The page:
Blue chip shares are investments in well-established companies and leaders in their respective industries. Blue chip companies in general are financially stable with a history of solid earnings. Investors buy blue chip shares for investment safety, predictable returns, consistent dividend payments and their defensive nature in market downturns. However, investors may have to trade the benefits of owning blue chip shares for certain disadvantages such as low returns, slow growth, little volatility and expensive pricing, which can also become disincentives to some investors when considering blue chip shares.
Like any investment, returns on blue chip shares are commensurate with their risk. Providing a high degree of investment safety from their predictable, steady business operations, blue chip shares are low-risk investments, and thus returns are normally low as well. Because of this disadvantage, blue chip shares are not suitable for investors who have a high level of risk tolerance and are more aggressive in their investment approaches.
Blue chip shares are comprised of large-cap companies with maturing businesses and markets, compared with small- and mid-cap companies that are still in their development stages and have a high potential for growth. Nevertheless, blue chip share may yet deliver earnings increases over time, but the growth is likely to be small and steady. While blue chip shares may be ideal for investors seeking value accumulation over the long-term, their slow growth presents a particular disadvantage to growth investors who expect above-average growth and large share price moves in a short period of time.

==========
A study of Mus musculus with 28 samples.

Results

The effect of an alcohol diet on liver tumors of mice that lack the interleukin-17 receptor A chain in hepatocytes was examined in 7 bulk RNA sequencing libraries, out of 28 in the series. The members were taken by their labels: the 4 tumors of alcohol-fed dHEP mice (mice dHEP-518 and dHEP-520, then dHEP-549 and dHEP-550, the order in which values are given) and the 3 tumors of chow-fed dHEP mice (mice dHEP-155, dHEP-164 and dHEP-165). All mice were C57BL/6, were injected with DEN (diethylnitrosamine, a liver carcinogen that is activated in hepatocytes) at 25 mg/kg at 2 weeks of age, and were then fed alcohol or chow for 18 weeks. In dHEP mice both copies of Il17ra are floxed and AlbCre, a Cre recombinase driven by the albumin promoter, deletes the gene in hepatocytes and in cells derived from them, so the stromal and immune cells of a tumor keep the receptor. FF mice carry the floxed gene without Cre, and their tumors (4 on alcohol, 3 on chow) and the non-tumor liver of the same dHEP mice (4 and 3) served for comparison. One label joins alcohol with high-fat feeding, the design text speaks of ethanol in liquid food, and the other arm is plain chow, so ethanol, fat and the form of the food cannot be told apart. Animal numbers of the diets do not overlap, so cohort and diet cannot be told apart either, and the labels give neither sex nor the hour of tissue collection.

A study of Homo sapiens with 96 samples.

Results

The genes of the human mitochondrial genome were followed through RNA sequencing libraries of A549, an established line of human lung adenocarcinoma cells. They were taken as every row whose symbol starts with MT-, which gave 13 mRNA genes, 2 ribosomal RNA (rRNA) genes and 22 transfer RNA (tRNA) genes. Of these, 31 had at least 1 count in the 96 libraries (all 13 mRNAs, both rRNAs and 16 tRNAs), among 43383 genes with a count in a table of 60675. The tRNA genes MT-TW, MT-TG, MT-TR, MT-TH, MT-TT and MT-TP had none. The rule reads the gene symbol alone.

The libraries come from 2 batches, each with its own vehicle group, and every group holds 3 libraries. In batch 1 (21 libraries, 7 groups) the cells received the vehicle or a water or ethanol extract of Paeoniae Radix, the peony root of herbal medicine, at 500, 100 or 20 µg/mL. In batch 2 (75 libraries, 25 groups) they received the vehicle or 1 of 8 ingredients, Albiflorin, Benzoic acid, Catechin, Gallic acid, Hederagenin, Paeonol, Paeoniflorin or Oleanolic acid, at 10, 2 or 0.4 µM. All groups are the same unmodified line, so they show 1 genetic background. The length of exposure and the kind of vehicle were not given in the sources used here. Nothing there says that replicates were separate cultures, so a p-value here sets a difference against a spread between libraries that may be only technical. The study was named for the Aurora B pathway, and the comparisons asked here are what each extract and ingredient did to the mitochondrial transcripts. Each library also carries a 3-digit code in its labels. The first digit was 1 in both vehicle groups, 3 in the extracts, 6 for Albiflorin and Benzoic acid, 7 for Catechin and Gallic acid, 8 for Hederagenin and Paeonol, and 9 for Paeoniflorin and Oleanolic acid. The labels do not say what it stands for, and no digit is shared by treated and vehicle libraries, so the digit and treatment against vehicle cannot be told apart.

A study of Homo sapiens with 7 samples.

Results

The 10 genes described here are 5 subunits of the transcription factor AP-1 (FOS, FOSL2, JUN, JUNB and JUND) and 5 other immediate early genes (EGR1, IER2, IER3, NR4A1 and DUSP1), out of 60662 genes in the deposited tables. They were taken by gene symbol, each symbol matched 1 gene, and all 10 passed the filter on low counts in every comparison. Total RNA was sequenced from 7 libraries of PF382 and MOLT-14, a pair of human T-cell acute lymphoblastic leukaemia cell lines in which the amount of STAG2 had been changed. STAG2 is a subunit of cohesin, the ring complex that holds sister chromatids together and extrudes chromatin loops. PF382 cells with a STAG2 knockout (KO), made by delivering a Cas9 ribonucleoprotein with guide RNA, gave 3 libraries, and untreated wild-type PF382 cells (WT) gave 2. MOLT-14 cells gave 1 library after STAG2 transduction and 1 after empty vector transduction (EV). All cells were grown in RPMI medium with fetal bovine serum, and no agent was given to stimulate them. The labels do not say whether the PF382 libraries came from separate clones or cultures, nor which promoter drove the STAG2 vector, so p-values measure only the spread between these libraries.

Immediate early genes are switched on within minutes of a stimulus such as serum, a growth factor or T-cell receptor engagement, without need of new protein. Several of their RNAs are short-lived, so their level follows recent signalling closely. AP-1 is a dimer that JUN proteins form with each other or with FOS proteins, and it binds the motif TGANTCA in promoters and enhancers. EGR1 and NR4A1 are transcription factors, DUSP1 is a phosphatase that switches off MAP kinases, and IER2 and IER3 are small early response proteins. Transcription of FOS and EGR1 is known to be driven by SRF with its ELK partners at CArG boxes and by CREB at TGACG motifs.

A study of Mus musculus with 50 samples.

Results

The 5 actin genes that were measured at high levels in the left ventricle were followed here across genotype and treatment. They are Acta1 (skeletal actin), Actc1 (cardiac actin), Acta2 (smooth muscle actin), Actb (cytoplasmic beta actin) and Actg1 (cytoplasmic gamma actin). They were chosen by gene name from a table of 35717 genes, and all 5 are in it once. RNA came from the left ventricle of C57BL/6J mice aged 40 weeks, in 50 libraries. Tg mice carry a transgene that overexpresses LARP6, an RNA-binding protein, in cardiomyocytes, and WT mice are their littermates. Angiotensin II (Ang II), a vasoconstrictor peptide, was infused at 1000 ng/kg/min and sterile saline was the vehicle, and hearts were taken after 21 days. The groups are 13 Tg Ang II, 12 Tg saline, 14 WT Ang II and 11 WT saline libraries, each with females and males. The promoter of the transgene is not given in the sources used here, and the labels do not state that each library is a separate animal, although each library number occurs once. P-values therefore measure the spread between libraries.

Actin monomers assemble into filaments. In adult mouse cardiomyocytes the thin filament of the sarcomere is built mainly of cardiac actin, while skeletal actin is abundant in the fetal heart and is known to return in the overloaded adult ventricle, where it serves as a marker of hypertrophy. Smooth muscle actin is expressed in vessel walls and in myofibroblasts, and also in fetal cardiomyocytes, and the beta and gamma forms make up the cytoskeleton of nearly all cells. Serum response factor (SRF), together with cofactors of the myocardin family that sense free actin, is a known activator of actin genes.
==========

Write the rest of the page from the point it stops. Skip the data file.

Large price swings in trading are uncommon with blue chip shares, as their respective companies are financially stable with smooth operations. Little volatility can be a plus for some investors who desire consistent investment returns, but this is actually considered a disadvantage to others seeking varied trading gains. While many value investors choose blue chip shares based on fundamental analysis, the lack of volatility makes them unsuitable in technical trading for quick, short-term profits.
Blue chip shares tend to commend higher valuation in market trading supported by investor demand. Blue chip investors may include those who invest in blue chip shares for consistent long-term returns, switch to blue chip shares for investment safety during economic downturns and favor blue chip shares for predictable dividend payments. As a result, prices of blue chip shares are more expensive, which creates a disadvantage for the investor who may not be particularly interested in blue chip shares, but mainly needs them to spread his investments among various share classes for diversification purposes.
An investment and research professional, Jay Way started writing financial articles for Web content providers in 2007. He has written for goldprice.org, shareguides.co.uk and upskilled.com.au. Way holds a Master of Business Administration in finance from Central Michigan University and a Master of Accountancy from Golden Gate University in San Francisco.